I have a friend called Anonymous. She has given me so much control.
She has also given me osteoporosis. She reduced my heartbeat to a thin line, and pushed my friends and family to their limits. She became too much for university, and I too little. I dropped out just for her. She eats time and little else. She is Anonymous, because nobody recognised her. Not even me. I just didn’t see Anorexia coming: I didn’t know what to look for.
The decline into anorexia was easy. No obstacle intervened: no doctor recognised the symptoms, no friend. Nothing prevented me from slipping down an inevitable slope; not even a two week wait to see a doctor. There was no prevention, only a safety-net at the bottom to prevent me from becoming another fatal Anonymous statistic.
Eventually, rock bottom was the only place I’d find help. My diagnosis was such a relief: we finally understood what was wrong.
There is a very thin criteria sufferers must fulfil in order to receive treatment. Some are too big to fit the box, some live too far away to tick it. Most don’t even realise they need it ticking.
My mental illness had to be physically threatening to be taken seriously.
I was forced into recovery by a private hospital abroad. Upon returning to the UK, luck struck. Here, postcodes have become sorting numbers: those that will get help, and those that will not. One of the best Eating Disorder Units in the country is here in Surrey, just up the A3. It is where I still receive treatment for Anorexia. Had I lived elsewhere - notoriously Wales, the North or the Midlands - it is unlikely I’d be where I am today. Such is the crisis nationwide: there simply isn’t enough help to go around. The NHS has been forced into prioritising emergency cases, which is exactly what I was by the time help got to me.
Not everyone is so fortunate. 25% of sufferers will die.
Delaying treatment does nothing but encourage a declining condition. These are mental illnesses at their most dangerous: when they exploit their invisibility.
As politicians have demonstrated, throwing money at a problem will not fix it. Time and money is wasted when it is spent picking up pieces that should never have broken off in the first place. Access to care at the early stage of an illness will only be possible when people know what to look for. This is where funding must go. It must insure our future.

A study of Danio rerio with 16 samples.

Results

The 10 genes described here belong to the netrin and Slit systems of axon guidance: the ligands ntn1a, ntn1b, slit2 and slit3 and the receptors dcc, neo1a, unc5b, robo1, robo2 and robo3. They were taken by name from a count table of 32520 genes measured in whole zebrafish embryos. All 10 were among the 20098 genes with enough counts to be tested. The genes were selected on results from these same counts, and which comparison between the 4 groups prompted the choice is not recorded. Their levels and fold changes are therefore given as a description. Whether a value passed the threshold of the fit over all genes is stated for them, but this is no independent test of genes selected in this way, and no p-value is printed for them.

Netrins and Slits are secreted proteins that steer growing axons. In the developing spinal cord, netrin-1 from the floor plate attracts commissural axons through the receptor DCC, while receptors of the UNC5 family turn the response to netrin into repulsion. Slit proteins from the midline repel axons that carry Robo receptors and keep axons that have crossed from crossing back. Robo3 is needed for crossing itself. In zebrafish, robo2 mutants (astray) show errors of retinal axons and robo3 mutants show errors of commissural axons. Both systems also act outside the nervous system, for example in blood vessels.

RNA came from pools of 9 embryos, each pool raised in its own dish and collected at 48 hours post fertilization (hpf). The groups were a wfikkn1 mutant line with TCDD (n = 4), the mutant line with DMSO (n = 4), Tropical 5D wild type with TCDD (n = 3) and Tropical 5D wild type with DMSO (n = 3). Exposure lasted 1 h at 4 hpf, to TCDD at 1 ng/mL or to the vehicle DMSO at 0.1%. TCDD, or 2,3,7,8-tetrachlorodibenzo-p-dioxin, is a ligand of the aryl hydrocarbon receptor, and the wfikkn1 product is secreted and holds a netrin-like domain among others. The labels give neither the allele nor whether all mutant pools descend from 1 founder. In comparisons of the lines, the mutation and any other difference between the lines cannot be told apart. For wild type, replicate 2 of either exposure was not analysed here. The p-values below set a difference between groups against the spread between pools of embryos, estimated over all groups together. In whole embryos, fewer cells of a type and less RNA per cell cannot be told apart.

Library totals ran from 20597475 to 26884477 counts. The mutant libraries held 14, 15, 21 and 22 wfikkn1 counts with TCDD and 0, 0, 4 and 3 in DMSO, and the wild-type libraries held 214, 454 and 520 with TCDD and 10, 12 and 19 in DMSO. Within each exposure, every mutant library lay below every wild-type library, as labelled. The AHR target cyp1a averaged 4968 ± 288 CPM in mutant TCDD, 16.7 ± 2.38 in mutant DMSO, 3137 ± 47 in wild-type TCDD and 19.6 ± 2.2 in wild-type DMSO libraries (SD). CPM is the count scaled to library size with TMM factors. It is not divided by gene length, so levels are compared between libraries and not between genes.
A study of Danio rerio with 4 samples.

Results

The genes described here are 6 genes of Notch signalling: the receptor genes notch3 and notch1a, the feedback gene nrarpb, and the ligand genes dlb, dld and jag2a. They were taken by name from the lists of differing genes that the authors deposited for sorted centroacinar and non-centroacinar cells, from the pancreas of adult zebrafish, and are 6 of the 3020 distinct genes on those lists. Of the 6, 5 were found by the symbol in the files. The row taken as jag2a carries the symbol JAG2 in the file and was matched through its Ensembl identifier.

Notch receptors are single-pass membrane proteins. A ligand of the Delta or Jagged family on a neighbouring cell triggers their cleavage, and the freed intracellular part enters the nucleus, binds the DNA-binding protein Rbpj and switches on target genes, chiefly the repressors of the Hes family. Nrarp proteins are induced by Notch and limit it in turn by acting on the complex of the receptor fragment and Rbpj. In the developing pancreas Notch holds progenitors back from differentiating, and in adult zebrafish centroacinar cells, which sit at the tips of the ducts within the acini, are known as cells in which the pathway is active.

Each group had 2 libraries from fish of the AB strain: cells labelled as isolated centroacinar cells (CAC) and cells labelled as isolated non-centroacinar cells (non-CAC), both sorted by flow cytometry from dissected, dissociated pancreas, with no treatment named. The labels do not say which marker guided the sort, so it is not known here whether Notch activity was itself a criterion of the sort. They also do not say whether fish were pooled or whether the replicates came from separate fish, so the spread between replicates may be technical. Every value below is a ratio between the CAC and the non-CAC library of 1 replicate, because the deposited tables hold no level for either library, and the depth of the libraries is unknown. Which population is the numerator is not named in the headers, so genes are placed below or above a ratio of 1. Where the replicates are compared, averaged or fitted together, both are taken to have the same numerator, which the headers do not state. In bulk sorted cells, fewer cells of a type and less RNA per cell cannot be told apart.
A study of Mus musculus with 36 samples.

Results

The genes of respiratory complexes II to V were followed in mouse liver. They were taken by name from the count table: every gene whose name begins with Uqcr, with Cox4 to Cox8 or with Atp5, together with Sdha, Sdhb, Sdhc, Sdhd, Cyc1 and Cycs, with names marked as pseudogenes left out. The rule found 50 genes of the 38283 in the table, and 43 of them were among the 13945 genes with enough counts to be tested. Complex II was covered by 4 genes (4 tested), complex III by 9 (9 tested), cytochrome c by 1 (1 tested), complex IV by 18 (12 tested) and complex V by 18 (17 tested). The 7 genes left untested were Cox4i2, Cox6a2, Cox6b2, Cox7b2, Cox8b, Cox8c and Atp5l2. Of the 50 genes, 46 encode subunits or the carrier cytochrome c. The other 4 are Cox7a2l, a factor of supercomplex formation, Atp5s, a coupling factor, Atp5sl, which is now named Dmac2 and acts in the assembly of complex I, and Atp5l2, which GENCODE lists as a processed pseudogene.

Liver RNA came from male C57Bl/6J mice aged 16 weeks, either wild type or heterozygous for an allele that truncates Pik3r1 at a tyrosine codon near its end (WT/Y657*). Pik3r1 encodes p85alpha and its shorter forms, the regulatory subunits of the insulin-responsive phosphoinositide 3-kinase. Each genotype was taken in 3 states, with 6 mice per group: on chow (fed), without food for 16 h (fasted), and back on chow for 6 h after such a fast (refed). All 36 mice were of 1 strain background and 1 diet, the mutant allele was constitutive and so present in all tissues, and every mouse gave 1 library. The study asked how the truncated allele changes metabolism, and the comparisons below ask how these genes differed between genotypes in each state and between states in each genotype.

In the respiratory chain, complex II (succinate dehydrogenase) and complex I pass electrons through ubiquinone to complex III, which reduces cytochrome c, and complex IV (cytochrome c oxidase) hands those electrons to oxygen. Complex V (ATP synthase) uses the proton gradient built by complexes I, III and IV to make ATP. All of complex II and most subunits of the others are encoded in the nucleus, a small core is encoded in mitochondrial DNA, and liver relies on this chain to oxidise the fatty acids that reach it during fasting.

Our support system here at Surrey is superior to those available at many other prestigious institutions. The best my previous university could offer me was one month’s waiting list for a counselling session. Online.
For students at Surrey then, my argument is not focused on the quality of support, but the need for it.
“Support” relies on there being a problem to begin with. It’s necessity sheds an unflattering light on our prevention strategies, or lack of. Students unknowingly fall through the crack between symptoms and support.
Reducing the number of cases through preventative measures, such as campus-based education campaigns, will automatically raise the threshold for treatment away from life-threatening. The illnesses will be identified earlier, so the NHS will be able to accommodate more patients quickly. I often wonder if I’d have developed osteoporosis had I recognised my condition before my BMI plummeted to sub-anorexia.
It takes longer to retrieve someone from a pit, than it does to beckon them away from the edge. I’ve been in recovery for over two years, and am barely scratching the surface of the treatment to come.
The Student’s Union must do more to bring our attention to eating disorders. Anorexia has the highest mortality rate of all psychiatric disorders, and it does not discriminate between race, gender, sexuality or age.
A classroom of future lawyers, politicians, engineers, designers; students across campus. Every one of whom is vulnerable to mental ill health.
We cannot speculate about or remove “trigger”s. We are not qualified or informed to do so. What we can do, is nurture a culture of tolerance and openness. Proactive campaigns to give names to the Anonymous symptoms, and open conversations like a can of worms.
The assumption that Eating Disorders are rich, white girls’ problems is a puzzling stereotype, and a dangerous myth. They can happen to anyone.
Why is the “rich white girl” still considered representative for eating disorder sufferers? Perhaps it is because it is only the rich white girls who live to tell the tale.
We are being failed by a society that is not informing it’s members about this public health risk. With awareness, as with my weight; the only way out, is up.